Reclassifying Period Costs as Product Costs


Comment on Actions

Both actions (postponing expenditures and reclassifying period costs as product costs) are intended to minimize the expenses of the company for financial and tax reporting. An expense can be described as “the measure of the cost incurred when a resource is consumed or sold to generate revenue” (Walther & Skousen 47). Because expenses are matched to revenues to measure the accrued income of a company, postponing such expenses or reclassifying period costs as product costs would substantially increase the earnings of a company as the expenses would be minimal compared to revenues.

Period costs relate to any costs that are not product costs and are identified as expenditures during the timeframe in which they are incurred rather than with units of purchased or produced goods. It is also important to note that a product cost is a cost assigned to goods that were either purchased or manufactured for resale, implying that it is the historical cost of the inventory of manufactured or purchased goods until the goods are sold (Drury 101). It, therefore, follows that reclassifying period costs as product costs would ease the burden on expenses since goods and products will still be held as inventories, effectively doing away with what is normally called as cost of sales.

Possibility to reclassify all Period Costs as Product Costs

It is not possible to reclassify all period costs as product costs since there must be a base to calculate the profitability or loss of a company in a given financial year. It is impossible to hold all goods and products as inventories that have not been sold since there will be a problem coming up with revenue streams (Atrill & McLaney 55). There is also the issue of selling and administrative expenses (e.g., advertising, management salaries, sales commissions, public relations, and other nonmanufacturing costs) which cannot be reclassified as product costs. It is not possible to control for all costs incurred during the year since some of the costs cannot be reclassified from period costs to product costs.

Why Reclassifying would Increase Earnings

It is important to note that period costs are expensed in the period they occur, while production costs are reported as part of the organization’s inventory and are reported on the balance sheet as a current asset. Reclassifying from period costs to product costs, therefore, “moves the costs from being an expense on the income statement to being part of the inventory on the balance sheet, thereby increasing profits” (Proctor 212). Concurrently, increased earnings are achieved as costs for the ending financial year are no longer charged as an expense; on the contrary, they are passed in the financial books as an asset awaiting disposal. Reclassifying would also increase earnings since production costs are not tax-deductible. Unlike period costs which appear in the income statement as an expense and hence are tax-deductible, product costs appear in the balance sheet as an asset and hence are not tax-deductible. The following diagram serves to explain these relationships.

Asset in terms of inventory

Although it is the function of today’s management accountant to create value through values, it is my submission that the actions may not be ethically or morally correct. First, the actions involve playing with numbers to achieve the intended results of the management even after full knowledge that the company cannot realize the set financial outlook. It would have been more plausible to communicate to the company’s shareholders that the organization was unable to grow its earnings by 20% due to market reasons rather than to reclassify period costs as product costs to insinuate that the company indeed grew by the said margin. Second, it is against accounting rules and principles to undertake such an exercise with the full knowledge that it is intended to hoodwink the public about the growth of the company. Finally, it is ethically wrong for the manager of the said company to engage in practices that compromise his moral standing as well as the reputation of the company. On the contrary, it should be the task of management accountants like Mr. Gallant to sustain a staunch commitment to ethical principles while employing their knowledge, skills, and expertise to influence decisions and perspectives that generate value for the company’s stakeholders as well as shareholders (Weetman 185).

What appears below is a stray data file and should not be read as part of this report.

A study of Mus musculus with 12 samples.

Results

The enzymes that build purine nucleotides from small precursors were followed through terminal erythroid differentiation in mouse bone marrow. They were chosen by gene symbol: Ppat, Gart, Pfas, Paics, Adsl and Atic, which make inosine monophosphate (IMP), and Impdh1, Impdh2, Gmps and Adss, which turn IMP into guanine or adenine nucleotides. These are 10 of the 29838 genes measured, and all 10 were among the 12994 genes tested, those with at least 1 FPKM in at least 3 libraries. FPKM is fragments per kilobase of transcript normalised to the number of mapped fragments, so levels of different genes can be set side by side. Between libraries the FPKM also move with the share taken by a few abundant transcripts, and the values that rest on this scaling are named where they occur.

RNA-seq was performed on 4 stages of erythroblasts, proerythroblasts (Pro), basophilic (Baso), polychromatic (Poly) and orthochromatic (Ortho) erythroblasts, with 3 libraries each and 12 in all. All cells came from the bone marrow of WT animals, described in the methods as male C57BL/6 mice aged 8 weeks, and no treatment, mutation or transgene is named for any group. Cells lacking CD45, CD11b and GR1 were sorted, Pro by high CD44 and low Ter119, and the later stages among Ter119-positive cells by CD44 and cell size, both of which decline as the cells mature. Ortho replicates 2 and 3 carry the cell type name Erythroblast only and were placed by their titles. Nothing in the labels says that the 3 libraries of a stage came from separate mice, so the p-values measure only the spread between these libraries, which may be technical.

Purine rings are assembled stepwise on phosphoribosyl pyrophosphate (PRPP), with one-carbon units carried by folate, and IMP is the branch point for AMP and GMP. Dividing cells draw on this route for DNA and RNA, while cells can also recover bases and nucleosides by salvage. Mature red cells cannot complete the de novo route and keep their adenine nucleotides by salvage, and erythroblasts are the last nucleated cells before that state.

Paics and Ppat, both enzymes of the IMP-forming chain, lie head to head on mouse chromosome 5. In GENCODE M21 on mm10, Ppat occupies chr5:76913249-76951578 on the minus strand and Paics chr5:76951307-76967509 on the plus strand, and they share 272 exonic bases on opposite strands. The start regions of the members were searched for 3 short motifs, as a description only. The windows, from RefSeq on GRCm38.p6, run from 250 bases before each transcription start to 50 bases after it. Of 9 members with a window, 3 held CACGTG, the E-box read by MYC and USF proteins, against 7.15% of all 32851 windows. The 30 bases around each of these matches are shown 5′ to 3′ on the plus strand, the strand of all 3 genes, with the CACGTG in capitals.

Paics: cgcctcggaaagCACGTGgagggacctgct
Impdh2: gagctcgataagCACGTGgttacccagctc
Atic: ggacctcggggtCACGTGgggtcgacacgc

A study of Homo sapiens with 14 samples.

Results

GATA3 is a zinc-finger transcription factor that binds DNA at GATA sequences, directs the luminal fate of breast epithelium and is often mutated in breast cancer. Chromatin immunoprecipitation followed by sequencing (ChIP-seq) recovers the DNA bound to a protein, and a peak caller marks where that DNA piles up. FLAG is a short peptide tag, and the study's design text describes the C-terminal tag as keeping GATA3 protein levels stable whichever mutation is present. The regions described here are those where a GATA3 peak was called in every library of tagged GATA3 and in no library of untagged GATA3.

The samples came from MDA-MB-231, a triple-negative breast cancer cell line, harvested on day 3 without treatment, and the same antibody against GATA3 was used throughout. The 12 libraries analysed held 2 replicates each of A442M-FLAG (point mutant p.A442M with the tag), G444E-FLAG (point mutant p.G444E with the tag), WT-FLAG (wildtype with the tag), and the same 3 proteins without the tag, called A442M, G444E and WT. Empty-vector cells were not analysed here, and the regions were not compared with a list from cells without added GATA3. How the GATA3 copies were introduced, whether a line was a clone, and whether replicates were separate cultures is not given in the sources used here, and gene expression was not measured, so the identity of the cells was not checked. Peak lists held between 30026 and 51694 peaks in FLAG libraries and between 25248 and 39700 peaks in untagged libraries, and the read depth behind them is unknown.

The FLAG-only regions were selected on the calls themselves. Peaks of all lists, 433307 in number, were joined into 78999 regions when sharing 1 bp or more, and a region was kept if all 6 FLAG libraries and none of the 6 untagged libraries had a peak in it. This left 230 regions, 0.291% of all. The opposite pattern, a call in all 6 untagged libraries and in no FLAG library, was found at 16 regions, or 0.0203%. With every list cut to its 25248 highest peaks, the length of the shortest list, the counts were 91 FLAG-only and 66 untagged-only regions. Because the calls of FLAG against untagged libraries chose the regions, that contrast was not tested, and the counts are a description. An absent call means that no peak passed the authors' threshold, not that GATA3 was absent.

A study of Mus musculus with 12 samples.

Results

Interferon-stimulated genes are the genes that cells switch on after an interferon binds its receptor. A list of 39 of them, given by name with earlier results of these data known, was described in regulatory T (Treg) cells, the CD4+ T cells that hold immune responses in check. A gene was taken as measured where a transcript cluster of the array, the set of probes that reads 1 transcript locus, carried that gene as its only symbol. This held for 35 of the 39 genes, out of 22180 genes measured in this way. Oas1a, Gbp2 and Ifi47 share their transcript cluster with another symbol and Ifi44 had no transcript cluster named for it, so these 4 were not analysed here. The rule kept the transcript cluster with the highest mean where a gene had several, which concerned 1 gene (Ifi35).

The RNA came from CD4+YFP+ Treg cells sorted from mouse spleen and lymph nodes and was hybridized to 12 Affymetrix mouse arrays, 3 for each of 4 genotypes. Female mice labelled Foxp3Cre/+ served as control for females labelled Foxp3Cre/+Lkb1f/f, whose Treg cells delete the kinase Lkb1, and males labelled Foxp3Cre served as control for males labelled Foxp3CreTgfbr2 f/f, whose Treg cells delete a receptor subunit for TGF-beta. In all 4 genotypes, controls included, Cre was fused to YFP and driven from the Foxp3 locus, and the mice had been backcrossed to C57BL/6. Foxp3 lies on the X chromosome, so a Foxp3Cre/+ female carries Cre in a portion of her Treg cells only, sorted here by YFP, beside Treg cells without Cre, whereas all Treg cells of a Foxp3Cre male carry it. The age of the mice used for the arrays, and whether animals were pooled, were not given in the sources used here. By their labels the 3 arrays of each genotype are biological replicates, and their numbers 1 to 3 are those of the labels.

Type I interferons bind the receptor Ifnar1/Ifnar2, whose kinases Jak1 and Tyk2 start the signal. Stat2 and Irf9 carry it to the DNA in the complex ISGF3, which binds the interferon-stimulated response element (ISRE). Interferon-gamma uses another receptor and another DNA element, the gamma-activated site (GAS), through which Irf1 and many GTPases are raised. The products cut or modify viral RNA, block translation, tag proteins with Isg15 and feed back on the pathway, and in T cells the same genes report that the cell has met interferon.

This paper has shed light on the weighty issues of period costs and product costs. More significantly, the paper has illuminated how reclassifying period costs as product earnings may lead to increased earnings for the company, though the action goes against the ethical tenets of doing business. A major learning point is that period costs can be transferred to assets by merely changing them from incurred expenses to inventories. Another major learning point is that inventories are merely charged as assets in the balance sheet, thus the possibility of increasing earnings when period costs are reclassified as product costs.

Works Cited

Atrill, Peter and Eddie McLaney. Management Accounting for Decision Makers. 8th ed. 2015. London, UK: Pearson. Print.

Drury, Colin. Cost and Management Accounting: An Introduction. 7th ed. 2011. Boston, MA: Cengage Learning. Print.

Proctor, Ray. Managerial Accounting: Decision Making and Performance Improvement. 4th ed. 2012. London, UK: Pearson. Print.

Walther, Larry M., and Christopher J. Skousen. Managerial and Cost Accounting. 4th ed. 2013. Thousand Oaks, CA: Sage Publications Ltd. Print.

Weetman, Pauline. Management Accounting. 2nd ed. 2010. London, UK: Pearson. Print.

Weil, Roman L. and Michael W, Maher. Handbook of Cost Management. 2nd ed. 2005. Hoboken, NJ: Wiley. Print.